Queen Elizabeth’s 1970 Visit To New Zealand And Australia Forever Changed Royal Customs
The history of the British monarchy dates back over a thousand years. During that millenia the kingdom’s monarchs fought many wars, restructured their government, and developed their own traditions. It is arguably those traditions that have made the British royal family one of the most recognizable figureheads in the world. But, it was not until the 20th century that some of these customs began to change.
Queen Elizabeth II ascended the throne in 1952 and became the first woman to rule the United Kingdom since her great-great-grandmother, Queen Victoria over a century earlier, (per All That’s Interesting). Over her decades-long reign, Queen Elizabeth II became a beloved figure amongst her subjects and many others from all over the world. Part of the reason for this was her willingness to occasionally break with royal tradition and attempt to modernize the monarchy. One day in 1970, her ability to do this would change the face of British royal customs forever.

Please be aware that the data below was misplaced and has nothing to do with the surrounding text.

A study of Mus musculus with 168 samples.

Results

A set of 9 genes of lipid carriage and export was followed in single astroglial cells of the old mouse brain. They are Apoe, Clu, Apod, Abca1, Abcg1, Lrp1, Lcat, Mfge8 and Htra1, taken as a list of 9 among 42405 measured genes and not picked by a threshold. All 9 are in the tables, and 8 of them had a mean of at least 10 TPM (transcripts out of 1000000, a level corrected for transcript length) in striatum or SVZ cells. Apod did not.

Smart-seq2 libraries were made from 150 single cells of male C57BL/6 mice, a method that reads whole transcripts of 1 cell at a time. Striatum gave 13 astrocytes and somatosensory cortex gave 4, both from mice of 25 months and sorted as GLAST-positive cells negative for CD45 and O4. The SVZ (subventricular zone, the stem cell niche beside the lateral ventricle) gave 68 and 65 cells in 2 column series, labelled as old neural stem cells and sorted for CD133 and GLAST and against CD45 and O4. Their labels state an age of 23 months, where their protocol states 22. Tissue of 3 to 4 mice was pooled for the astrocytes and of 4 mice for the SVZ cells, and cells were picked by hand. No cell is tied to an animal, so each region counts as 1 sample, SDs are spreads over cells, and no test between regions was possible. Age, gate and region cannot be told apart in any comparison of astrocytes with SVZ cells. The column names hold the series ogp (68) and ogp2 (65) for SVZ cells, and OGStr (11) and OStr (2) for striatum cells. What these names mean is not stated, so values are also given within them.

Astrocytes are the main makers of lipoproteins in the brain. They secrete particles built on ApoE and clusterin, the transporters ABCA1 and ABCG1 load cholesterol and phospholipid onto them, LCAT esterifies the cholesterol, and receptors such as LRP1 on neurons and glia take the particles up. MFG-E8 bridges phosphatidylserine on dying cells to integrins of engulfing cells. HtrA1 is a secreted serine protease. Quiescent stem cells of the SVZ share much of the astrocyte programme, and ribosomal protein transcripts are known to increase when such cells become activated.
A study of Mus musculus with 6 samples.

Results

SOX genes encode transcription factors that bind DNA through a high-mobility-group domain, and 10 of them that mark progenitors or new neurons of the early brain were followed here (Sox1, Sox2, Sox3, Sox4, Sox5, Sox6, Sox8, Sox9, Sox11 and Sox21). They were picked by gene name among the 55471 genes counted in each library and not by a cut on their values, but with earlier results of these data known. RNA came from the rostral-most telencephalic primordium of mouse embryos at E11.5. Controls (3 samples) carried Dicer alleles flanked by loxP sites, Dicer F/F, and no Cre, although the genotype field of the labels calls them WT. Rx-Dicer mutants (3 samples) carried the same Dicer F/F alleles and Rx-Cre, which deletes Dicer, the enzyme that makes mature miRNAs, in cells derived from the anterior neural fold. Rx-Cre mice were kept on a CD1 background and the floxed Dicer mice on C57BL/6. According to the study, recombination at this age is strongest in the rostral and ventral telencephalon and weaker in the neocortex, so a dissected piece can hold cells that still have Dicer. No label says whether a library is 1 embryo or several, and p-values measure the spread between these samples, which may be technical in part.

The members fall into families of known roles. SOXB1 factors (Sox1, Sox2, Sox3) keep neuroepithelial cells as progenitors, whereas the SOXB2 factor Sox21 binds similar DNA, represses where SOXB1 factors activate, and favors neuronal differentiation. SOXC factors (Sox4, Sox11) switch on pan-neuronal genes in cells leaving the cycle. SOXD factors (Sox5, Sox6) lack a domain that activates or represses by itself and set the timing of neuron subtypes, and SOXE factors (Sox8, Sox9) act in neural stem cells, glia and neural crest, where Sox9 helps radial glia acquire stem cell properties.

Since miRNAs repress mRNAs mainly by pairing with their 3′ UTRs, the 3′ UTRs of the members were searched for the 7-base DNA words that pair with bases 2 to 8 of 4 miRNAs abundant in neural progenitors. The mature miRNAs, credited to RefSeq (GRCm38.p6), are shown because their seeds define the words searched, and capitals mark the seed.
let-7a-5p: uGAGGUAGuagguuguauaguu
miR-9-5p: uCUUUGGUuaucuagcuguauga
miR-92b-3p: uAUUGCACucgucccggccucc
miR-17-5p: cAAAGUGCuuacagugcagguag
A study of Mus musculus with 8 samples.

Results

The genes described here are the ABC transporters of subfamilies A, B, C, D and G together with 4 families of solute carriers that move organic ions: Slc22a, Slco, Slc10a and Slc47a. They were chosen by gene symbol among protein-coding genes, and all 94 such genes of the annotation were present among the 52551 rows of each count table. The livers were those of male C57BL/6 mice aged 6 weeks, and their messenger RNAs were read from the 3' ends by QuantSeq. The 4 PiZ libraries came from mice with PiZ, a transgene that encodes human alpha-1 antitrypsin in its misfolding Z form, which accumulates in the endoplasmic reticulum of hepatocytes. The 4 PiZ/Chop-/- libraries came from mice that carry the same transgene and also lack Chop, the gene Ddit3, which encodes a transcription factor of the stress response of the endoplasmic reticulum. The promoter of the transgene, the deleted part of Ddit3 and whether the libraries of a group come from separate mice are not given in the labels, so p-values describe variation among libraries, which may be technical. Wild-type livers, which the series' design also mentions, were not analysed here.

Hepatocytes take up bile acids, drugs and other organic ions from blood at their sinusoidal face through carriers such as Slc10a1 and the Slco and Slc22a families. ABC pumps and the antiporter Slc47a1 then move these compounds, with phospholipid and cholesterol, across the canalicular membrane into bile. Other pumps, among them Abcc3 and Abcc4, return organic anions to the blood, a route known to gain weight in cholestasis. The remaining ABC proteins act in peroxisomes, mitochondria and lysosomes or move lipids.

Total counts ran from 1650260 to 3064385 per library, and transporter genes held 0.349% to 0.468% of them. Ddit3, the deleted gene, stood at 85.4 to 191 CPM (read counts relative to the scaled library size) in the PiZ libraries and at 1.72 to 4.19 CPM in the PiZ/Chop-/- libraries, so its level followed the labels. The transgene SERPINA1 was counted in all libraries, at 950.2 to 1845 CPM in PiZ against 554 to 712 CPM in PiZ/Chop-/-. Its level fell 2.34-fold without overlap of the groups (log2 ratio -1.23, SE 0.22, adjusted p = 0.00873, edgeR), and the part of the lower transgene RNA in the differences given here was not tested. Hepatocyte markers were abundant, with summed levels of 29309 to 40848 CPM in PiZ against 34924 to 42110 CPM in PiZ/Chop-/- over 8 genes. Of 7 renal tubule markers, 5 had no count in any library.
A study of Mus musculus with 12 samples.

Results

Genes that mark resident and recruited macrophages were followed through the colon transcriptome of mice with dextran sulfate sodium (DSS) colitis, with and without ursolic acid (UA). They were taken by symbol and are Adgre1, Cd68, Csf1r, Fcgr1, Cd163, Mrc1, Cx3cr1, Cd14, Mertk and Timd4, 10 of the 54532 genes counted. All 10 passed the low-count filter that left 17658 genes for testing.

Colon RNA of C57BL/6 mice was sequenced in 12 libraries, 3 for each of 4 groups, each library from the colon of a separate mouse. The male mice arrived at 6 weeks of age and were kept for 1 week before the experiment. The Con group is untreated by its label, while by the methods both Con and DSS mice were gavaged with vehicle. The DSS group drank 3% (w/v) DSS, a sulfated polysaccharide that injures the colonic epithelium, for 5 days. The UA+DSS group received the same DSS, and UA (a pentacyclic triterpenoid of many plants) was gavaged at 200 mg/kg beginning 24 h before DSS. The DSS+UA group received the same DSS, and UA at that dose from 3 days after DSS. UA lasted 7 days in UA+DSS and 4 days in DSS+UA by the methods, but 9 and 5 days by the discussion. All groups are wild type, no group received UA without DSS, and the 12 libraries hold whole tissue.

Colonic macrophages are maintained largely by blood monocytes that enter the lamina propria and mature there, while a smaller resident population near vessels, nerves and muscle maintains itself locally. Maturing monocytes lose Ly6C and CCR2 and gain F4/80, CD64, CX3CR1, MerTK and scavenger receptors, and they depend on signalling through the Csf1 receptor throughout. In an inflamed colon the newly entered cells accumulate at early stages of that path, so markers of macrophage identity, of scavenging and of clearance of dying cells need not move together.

Queen Elizabeth II Started The Royal Walkabout
As a royal figure, the queen and the royal family did not really intermingle with their subjects, with the exception of their public appearances. Until the latter part of the 1990s, the general population would only see the royals above them on a balcony or maybe through a car window if they were lucky, according to Insider. However, a couple of decades before, Queen Elizabeth II laid the foundation for what would become a new tradition.
In 1970, the queen took a tour of Australia and New Zealand, and while on this trip she decided to break protocol. Instead of keeping her distance from the people that had come to catch a glimpse of her, she decided to meet them on foot instead. This practice was reportedly initiated to help the royals connect with more of the ordinary folks instead of the other politicians or other officials they normally interact with. According to Harper’s Bazaar, since the first royal walkabout more than 50 years ago, this custom has been practiced by others in the royal family, including Duchess of Cambridge, Kate Middleton, Duchess of Sussex, Meghan Markle, and the iconic Princess Diana.